Last month, I officially made the move to work from home. I travel a decent amount with work, but the majority of the time, most of what I do is done in front of computer, with a pair of headphones and a mic on, multiple screens open – one usually to a live feed of a meeting, and my iPad propped up with 10 or 15 books open on various tabs. So when there was some shuffling of campuses, and because I had been working remotely for a few months, it was an easy transition to have me work from home. We locked in the VPN, got a soft line for my phone needs, and I was up and running in time for the 11:00 AM meeting. Barring a few Skype for Business calls dropping, it’s been smooth. I sometimes wonder if people can hear my pugs snoring when I’m on a call, but I just pretend that adds to the charm.
There’s only one thing that hasn’t been as smooth, and it, luckily, has nothing to do with work. It’s the room. I can’t seem to get the space the way I want it. My desk faces a huge window that catches the most beautiful morning light, but the other things in the room just aren’t working together. Something is off, and I can’t figure out how to fix it yet. Although it doesn’t impact my work, when I walk away, I’m constantly thinking about how to rearrange the bookshelf and the cabinet and everything else. I’m trying to create a space with a specific identity, but I don’t know exactly what kind of identity I need it to have yet.
About a week ago a friend of mine posted a ridiculous, terribly written article that was nothing short of an attack on higher education. The article had an obvious political bias and blamed universities for being too sensitive to students, faulting educators for, well, pretty much everything. Somewhere in the title, and throughout the piece, the author criticized the phrase “safe spaces,” saying that this need for safe spaces is “what’s wrong with this country.” I can listen to almost any argument and empathize, but there was no evidence and no logical support. I don’t know why I read it, but it continues to bother me. Probably because I’d argue that creating safe spaces for students to explore and make mistakes is exactly what college is about. Students, in a lot of ways, form parts of their identities when they are in college, so having a safe space is a key aspect of that growth.
In fact, just today I was working with a faculty member who teaches a class on multicultural social work, and she stated several times that she wants the students to feel safe enough to know they can say the wrong thing. She’s creating this wonderful introductory exercise that asks students to reflect on how cultures perceive disabilities, and without that “safe space,” she knows we'd be doing a great disservice to those students.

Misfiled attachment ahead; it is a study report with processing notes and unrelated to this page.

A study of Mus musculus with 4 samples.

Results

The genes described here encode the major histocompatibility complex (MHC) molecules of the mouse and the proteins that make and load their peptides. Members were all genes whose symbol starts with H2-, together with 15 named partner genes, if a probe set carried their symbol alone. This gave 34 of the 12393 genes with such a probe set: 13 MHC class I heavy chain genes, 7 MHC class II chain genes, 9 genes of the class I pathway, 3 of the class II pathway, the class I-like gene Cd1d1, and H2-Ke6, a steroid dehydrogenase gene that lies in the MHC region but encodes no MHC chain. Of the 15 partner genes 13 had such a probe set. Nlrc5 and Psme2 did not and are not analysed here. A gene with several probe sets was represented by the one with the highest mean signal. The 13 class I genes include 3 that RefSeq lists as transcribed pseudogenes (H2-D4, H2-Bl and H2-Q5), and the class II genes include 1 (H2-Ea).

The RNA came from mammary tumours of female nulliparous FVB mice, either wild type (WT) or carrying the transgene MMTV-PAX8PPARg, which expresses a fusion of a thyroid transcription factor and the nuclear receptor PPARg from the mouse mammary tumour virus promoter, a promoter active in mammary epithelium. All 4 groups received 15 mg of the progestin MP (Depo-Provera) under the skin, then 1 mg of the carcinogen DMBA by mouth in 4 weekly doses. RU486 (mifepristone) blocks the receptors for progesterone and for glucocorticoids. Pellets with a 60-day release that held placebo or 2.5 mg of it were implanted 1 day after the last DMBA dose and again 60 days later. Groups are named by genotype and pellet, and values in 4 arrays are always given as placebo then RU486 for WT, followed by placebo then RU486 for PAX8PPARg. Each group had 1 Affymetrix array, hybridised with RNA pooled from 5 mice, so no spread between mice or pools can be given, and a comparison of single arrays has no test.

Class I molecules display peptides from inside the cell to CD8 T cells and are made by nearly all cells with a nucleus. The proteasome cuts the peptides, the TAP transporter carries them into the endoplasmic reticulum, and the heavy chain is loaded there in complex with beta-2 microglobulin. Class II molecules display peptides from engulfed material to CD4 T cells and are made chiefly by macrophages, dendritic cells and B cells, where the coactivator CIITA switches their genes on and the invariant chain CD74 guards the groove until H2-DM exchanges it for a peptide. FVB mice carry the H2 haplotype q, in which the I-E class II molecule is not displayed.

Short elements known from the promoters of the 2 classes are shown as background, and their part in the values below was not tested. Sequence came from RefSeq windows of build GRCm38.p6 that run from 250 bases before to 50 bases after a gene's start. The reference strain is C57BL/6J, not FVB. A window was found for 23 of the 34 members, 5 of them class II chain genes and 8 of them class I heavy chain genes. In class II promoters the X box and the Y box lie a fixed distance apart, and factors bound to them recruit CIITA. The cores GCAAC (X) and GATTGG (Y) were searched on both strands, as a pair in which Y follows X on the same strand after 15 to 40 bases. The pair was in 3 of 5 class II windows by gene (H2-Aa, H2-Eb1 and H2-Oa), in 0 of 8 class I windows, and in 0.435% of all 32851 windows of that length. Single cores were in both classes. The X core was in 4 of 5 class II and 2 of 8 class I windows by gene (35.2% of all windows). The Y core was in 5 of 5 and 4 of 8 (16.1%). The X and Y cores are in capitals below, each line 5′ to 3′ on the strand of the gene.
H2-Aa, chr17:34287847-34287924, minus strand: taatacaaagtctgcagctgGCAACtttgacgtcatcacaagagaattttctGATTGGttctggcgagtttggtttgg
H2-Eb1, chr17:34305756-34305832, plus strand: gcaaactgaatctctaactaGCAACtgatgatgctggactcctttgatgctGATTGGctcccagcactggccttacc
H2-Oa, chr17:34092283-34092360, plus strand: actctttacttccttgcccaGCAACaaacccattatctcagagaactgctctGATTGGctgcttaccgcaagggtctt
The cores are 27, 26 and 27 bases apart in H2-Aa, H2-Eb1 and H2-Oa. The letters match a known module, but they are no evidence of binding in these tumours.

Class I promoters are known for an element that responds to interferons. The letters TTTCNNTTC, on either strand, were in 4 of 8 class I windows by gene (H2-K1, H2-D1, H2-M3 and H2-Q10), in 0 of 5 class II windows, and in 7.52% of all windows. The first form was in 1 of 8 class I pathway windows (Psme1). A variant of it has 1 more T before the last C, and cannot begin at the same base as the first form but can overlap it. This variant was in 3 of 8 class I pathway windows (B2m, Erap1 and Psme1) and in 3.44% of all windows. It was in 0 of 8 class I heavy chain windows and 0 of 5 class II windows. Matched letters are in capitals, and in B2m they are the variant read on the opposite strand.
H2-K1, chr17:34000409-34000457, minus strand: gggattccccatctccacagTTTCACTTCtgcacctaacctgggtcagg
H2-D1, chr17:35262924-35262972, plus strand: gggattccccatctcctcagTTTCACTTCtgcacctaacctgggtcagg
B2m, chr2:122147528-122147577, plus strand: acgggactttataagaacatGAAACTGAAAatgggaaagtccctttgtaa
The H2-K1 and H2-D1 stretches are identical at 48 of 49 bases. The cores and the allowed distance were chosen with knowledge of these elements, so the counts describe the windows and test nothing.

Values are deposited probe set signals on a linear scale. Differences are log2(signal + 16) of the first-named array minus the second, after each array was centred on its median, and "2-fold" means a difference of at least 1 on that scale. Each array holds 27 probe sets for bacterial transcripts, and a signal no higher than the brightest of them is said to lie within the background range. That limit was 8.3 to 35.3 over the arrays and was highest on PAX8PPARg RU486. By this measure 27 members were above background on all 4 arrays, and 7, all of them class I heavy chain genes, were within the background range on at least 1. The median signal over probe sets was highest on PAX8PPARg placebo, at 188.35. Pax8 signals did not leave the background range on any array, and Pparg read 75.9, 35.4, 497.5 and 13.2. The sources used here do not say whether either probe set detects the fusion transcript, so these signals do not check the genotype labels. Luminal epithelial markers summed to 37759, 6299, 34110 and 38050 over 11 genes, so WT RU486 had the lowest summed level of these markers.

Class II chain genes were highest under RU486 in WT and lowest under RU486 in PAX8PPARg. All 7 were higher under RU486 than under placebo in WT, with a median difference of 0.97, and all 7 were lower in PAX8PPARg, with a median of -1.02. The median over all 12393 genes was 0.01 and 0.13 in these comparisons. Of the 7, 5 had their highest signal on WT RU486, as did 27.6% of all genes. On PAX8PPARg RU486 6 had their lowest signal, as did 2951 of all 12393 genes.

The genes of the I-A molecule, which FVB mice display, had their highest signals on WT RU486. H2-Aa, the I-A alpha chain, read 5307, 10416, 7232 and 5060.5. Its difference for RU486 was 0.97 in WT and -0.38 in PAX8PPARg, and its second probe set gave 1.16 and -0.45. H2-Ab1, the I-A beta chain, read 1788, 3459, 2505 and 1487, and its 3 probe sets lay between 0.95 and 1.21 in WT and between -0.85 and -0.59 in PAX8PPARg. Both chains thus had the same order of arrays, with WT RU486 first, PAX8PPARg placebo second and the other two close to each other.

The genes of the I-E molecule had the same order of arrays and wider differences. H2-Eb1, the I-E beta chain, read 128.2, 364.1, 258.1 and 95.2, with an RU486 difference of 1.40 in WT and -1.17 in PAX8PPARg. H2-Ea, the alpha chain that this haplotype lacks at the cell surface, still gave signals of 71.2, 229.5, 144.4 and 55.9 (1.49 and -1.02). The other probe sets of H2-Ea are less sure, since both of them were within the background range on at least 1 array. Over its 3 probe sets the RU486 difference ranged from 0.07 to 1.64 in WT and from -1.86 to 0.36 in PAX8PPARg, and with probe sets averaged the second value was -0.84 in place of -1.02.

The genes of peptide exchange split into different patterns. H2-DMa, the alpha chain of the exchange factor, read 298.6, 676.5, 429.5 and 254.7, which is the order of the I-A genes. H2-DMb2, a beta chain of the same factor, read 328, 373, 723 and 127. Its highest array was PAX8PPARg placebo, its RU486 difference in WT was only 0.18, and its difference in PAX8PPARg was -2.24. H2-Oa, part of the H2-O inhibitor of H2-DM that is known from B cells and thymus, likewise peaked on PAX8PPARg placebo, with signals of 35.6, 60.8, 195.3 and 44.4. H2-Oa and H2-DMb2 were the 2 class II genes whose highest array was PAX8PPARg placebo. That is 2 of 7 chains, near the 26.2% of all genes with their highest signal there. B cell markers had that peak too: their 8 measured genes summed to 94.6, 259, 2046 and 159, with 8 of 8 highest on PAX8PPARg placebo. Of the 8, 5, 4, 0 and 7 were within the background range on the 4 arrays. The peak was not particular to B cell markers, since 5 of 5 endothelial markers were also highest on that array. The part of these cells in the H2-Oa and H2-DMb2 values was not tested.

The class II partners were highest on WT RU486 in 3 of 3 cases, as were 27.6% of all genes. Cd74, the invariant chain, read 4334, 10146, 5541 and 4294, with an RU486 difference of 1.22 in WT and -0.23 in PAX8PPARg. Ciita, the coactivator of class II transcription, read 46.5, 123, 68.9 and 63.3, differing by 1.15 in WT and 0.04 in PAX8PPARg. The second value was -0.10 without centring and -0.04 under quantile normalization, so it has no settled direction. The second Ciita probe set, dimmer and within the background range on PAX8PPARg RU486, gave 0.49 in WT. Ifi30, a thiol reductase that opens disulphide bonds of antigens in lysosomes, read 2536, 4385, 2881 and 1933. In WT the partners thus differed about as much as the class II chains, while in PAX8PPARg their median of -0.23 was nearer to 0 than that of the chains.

Considering the physical space of my room and the created safe space for the students led me to think about our class and the way spaces and identities overlap in the physical world just as they do in the digital world. Over the past almost two weeks, we’ve all been exploring and creating digital spaces and each space, although unique, contains pieces of ourselves that transcend the various platforms. In the analytics class, one of the most powerful realizations came to me early on when we read about physical monitoring devices (like Fitbit) and how they are, essentially, our data doubles – these simulacrums of ourselves.*
With that in mind, and considering this week’s discussion of PLNs and communities, I started thinking about how we all fit into digital spaces and how we craft identities that best conform to whatever role we hope to have. Even if we keep our actual identities anonymous, within just a few interactions, we can already see traits and characteristics forming with each tweet or blog. We don’t know each other, yet I could get pretty close to guessing who wrote which new blog based on voice, topic choice, tone… all the things that make up our identities.* And that is incredible to me.
In a way, all of these spaces are connected and revolve around this idea of creating identities. Whether we are trying to figure out why a bookcase seems out of place, why a friend posted an article, or why a student wouldn’t feel comfortable answering a question, there is something very personal and very deliberate about our spaces, and that doesn’t seem to change if they are for our eyes or the eyes of everyone in our network.
Identity in the Information Society, 2
*Ruckenstein, M. (2014). Visualized and interacted life: Personal analytics and engagements with data doubles. Societies, 4, 68-84. doi:10.3390/soc4010068
David Bowie’s "Space Oddity," which can be made loosely appropriate for most situations.